The U-joint on your off-road truck is a part that doesn't get a lot of attention, at least until it breaks. This essential part of your drivetrain makes the transfer of power from transmission to wheels possible. Without it, you will be going anywhere soon.
U-joints on off-road trucks take a lot of abuse and can break if not properly maintained. To avoid this problem and ensure you always have the power needed for hill climbing, read below and learn how to take care of the u-joint.
What Does the U-Joint Do?
Universal or u-joints are flexible, pivoting devices that connect the drive shaft to the axles on vehicles like off-roading trucks with heavy duty bumpers. The drive shaft takes power from the transmission to the drive axle, which transfers that power to the wheels. The purpose of the u-joint is to compensate for movement of the drivetrain under the vehicle so the drive shaft is not damaged.
This joint is composed of the end of the drive shaft, the end of the drive axle, and a cross-shaped part that joins them together. The cross makes the drive axle rotate with the drive shaft, even if the drive shaft is moving under the vehicle due to strain from the suspension. Although the actual joint includes all three parts, the cross piece itself is generally considered to be the u-joint.
Following are the ways to properly maintain and protect the u-joint on your off-road truck:
- U-Joint Size and Rating - A U-Joint is only as strong as the cross piece, which is designed to handle various amounts of torque. The first and most important way to protect a u-joint is to have one strong enough for your truck. Bigger axles, higher horsepower, heavier tires, and heavy duty bumpers all put more strain on the u-joint, increasing the chance that it will break if not durable enough. A stock u-joint that comes on a regular vehicle is not designed for trucks with heavy duty bumpers used for off-roading. To protect any u-joint, you must know its load rate and decide whether you need to replace it with a larger joint rated for higher torque.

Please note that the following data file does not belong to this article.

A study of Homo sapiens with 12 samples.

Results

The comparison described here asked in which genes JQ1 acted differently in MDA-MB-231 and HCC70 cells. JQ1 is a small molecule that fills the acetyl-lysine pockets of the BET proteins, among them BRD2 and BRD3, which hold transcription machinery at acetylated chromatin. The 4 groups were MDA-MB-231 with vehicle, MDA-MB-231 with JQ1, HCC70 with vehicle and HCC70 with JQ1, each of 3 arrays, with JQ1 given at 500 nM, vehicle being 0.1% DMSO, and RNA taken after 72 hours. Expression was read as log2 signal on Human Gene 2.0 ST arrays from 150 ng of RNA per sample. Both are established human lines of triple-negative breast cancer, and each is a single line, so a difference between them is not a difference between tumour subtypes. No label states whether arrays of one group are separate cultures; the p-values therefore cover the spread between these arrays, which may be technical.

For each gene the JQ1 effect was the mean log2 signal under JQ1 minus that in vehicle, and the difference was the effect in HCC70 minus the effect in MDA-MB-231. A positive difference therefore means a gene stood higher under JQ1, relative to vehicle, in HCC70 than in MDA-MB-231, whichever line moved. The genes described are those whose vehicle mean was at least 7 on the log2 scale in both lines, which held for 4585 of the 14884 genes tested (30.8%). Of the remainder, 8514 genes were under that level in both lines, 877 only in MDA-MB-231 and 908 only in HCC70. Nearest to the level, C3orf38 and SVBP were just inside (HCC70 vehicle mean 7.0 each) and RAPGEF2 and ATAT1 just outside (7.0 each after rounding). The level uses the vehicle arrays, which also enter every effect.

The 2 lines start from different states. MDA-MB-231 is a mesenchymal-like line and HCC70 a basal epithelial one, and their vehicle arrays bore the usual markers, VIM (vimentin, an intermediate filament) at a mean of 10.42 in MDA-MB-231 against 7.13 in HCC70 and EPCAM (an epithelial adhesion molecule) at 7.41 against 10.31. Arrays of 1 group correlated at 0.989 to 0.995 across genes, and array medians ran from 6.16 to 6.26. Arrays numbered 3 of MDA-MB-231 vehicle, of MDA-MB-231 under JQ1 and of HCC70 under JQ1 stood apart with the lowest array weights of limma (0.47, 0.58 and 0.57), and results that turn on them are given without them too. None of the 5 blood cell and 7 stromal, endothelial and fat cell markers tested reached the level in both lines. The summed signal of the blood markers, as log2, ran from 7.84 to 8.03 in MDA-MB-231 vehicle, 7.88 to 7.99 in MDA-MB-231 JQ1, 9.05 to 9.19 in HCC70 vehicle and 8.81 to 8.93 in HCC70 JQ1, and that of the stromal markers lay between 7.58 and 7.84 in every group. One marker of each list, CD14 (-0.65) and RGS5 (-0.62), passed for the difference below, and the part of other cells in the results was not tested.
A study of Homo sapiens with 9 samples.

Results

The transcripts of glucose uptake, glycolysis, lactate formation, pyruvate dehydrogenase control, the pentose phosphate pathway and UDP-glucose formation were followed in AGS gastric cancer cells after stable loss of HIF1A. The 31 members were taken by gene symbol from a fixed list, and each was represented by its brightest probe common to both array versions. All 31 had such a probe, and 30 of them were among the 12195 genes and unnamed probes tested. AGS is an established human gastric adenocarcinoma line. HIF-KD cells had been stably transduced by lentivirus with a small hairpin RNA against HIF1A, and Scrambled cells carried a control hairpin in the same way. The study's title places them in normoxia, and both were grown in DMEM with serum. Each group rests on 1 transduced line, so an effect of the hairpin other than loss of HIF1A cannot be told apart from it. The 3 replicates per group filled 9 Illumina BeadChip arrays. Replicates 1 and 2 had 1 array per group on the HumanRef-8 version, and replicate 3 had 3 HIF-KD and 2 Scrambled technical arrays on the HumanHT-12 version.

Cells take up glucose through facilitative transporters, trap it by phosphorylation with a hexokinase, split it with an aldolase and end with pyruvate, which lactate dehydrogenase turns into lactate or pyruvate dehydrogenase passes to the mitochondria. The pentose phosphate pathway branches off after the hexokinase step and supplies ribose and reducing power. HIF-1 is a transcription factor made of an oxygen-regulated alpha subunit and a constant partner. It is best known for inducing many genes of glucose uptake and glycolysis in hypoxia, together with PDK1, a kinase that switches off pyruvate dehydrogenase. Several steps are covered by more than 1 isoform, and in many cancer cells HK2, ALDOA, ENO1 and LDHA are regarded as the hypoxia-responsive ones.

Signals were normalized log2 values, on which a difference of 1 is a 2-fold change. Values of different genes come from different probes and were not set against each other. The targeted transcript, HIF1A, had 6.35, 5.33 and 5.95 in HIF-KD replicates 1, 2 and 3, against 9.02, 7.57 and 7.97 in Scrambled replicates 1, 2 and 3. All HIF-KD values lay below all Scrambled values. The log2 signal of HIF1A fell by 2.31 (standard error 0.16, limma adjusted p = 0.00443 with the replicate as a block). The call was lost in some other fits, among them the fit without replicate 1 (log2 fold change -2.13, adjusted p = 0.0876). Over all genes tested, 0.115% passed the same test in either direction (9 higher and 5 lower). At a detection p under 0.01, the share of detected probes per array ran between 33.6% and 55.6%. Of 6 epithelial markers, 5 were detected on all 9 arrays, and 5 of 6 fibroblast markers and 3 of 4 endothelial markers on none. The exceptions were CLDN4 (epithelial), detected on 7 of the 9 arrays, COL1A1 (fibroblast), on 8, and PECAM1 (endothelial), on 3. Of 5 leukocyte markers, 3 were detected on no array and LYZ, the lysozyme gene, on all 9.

- C-Clips and Snap Rings - At the four ends of the u-joint, there are c-clips or snap rings set into the caps that protect the u-joint. If one falls off, the yoke can move sideways in the joint. When this happens, the u-joint may become loose and noisy; it could break after a while. Prevent this by frequently checking to make sure all c-clips or snap rings are there and securely seated in the cap. If you hear a clunking noise while your off-roader is moving or put in reverse, you probably have a missing c-clip.
- Greasing - U-joints can be sealed or unsealed. The sealed and non-greasable u-joints that come standard on many vehicles are not recommended for off-roading as they can easily be contaminated by dirt. Dirt in a sealed u-joint will cause unnecessary wear, shortening its lifespan. Unsealed u-joints require occasional greasing and can be taken apart for cleaning as needed.
Although u-joints are important, it really does not take much to maintain them. Check your vehicle's c-clips during regular maintenance, keep the joint well greased; and consider upgrading to a bigger one designed for trucks with steel bumpers, huge tires, and bigger axles.
Beyond this, check often for play in the joint and pay attention to any sounds under your truck. If you suspect a problem with your u-joint, look into it before it breaks and leaves you and your off-road truck stranded!